Yesterday, Sony announced a 10-inch digital paper tablet, snappily named the DPT-CP1. This is a bit like a normal tablet, except with an electronic-ink screen, and designed primarily for note-taking.
With the DPT-CP1 (surely Sony could have given it a better name, lke the “WriteStation,” maybe?) you can draw and doodle to your heart’s content without running out of pages. It has 16GB of internal storage, with 11GB user-accessible.
You can also synchronize your work to your phone, with the companion app available for both Android and iOS.
If you need to bring your work to a bigger screen, the DPT-CP1 can connect to a projector. You can also make real-time edits while mirroring to the screen.
Other features are pretty run-of-the-mill, and are what you’d expect with a tablet computer — like the ability to pan and zoom through documents, and auto-rotation.
The DPT-CP1 is really bloody expensive. At $599, it costs almost double the current generation 9.7-inch iPad — a device that does way more. While Sony’s offering lets you view PDFs and make notes, the iPad is a fully-featured mobile computer.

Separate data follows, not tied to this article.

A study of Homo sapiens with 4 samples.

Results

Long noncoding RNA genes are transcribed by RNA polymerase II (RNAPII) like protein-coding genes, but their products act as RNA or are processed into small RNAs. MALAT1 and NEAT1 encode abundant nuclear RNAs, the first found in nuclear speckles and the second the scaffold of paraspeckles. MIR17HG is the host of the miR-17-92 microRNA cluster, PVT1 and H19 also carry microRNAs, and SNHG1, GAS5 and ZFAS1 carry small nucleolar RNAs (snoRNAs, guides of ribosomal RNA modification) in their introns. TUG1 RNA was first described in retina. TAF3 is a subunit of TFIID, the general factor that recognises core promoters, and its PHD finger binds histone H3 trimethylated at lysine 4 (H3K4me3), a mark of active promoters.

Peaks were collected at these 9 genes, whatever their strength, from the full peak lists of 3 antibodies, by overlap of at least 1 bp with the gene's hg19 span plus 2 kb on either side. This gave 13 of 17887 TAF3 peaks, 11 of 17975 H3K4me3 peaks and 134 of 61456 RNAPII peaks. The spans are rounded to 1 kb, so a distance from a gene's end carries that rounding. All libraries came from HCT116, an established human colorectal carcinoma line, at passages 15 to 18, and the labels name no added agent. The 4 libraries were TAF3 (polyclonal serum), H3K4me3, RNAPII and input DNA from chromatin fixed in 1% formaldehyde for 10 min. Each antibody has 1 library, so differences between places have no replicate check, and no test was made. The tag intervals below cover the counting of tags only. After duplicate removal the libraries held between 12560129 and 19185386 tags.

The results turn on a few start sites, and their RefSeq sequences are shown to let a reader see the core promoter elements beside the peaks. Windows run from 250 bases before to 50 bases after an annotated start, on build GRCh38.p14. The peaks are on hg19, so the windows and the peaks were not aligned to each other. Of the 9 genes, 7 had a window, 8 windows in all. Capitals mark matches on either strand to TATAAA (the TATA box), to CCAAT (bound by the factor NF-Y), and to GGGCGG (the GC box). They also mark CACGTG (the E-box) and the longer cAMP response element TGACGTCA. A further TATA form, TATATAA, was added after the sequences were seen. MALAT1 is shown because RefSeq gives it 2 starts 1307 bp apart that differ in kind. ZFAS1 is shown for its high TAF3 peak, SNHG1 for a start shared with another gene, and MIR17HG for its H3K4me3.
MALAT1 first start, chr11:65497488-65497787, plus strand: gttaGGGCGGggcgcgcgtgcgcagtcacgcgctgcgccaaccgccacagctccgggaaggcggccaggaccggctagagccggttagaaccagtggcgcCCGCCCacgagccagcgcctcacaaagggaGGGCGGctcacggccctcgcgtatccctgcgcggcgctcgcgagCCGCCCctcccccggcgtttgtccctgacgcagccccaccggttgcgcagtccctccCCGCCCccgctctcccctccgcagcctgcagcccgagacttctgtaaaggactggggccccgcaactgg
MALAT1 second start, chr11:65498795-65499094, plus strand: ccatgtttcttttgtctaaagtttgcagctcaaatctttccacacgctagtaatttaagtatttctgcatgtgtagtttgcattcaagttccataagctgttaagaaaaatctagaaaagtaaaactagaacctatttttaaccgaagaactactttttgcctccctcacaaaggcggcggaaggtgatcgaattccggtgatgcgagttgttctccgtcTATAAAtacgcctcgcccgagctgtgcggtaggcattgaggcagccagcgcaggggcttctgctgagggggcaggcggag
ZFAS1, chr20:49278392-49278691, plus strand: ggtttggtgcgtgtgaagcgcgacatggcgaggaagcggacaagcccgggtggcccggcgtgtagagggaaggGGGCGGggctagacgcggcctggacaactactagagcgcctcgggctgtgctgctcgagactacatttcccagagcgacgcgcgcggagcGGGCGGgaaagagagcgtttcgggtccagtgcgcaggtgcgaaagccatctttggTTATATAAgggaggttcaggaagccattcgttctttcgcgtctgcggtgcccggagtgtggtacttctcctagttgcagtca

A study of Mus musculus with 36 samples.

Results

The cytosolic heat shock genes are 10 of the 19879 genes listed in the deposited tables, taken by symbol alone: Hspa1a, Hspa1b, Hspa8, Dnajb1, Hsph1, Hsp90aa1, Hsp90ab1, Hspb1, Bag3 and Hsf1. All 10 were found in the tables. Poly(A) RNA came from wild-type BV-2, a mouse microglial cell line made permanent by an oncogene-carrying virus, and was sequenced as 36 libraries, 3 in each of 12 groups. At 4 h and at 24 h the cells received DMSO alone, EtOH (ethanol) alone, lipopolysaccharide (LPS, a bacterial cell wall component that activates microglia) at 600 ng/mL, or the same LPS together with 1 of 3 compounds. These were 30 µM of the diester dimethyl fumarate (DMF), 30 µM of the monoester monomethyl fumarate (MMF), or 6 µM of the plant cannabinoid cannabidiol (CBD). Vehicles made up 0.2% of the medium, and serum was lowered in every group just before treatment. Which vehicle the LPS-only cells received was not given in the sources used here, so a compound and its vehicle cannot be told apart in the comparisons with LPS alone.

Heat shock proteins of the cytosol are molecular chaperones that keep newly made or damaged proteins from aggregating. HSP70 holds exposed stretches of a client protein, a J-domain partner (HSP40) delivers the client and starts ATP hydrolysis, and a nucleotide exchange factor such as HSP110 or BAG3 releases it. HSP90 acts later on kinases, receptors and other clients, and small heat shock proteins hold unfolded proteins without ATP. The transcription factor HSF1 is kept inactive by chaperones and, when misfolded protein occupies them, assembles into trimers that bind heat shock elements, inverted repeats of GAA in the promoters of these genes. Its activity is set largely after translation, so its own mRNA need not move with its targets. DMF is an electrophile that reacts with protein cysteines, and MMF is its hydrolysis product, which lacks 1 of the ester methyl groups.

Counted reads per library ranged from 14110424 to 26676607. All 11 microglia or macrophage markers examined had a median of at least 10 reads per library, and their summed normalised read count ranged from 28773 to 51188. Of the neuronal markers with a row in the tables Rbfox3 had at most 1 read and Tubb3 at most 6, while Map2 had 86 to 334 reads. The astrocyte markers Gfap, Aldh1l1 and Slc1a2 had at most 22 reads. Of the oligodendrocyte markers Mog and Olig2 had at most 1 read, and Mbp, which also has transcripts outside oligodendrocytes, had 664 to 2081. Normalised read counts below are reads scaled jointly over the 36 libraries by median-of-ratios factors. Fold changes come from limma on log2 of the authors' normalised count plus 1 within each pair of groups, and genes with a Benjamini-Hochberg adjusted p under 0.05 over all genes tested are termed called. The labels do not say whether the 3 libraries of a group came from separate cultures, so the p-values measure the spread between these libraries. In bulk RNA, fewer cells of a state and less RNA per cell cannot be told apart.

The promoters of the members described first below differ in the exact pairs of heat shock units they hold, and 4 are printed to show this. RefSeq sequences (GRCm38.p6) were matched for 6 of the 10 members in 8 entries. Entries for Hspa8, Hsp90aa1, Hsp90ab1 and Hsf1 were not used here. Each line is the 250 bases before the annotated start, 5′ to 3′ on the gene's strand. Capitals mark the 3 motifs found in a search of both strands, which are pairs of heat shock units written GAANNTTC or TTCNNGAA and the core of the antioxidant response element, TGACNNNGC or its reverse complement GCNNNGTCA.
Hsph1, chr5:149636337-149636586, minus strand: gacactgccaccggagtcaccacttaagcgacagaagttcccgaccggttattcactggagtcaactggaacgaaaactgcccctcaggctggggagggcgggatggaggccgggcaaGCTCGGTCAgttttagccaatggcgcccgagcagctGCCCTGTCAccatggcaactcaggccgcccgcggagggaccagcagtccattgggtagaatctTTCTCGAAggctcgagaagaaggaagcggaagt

The price on this niche device might be hard for some to swallow, but I’m still deeply intrigued by the DPT-CP1. For starters, the idea of an e-ink writing tablet is really cool. I’d love to have an electronic notebook that I can just let my thoughts flood into. And unlike an iPad, it’d be easy to work with outside, as the e-ink screen doesn’t reflect the throbbing glare from the sun.
As an added bonus, its battery life endures longer than the iPad’s. The DPT-CP1 can run for one week on a single charge with Wi-Fi and Bluetooth enabled. With all its radios switched off, it can run for a marathon three weeks.
But it solves another problem.
I have notebook ADHD. It’s not an actual DSM-recognized medical condition, but it really should be.
Here are the symptoms: I’ll write in one for a bit, and long before I’ve finished it, I’ll get bored, and start writing in a fresh one. The end result is that I’ve got dozens of notebooks, all in varying states of completion.
Finding important notes is always a bit of an adventure, as I’ve got to remember where I wrote them. I seldom do.
The appeal of Sony’s latest gadget is that I don’t have to look far, as they’re all computerized. And yeah, I won’t have as many notebooks cluttering my home office.
But is that worth $599? I’ll leave that to you.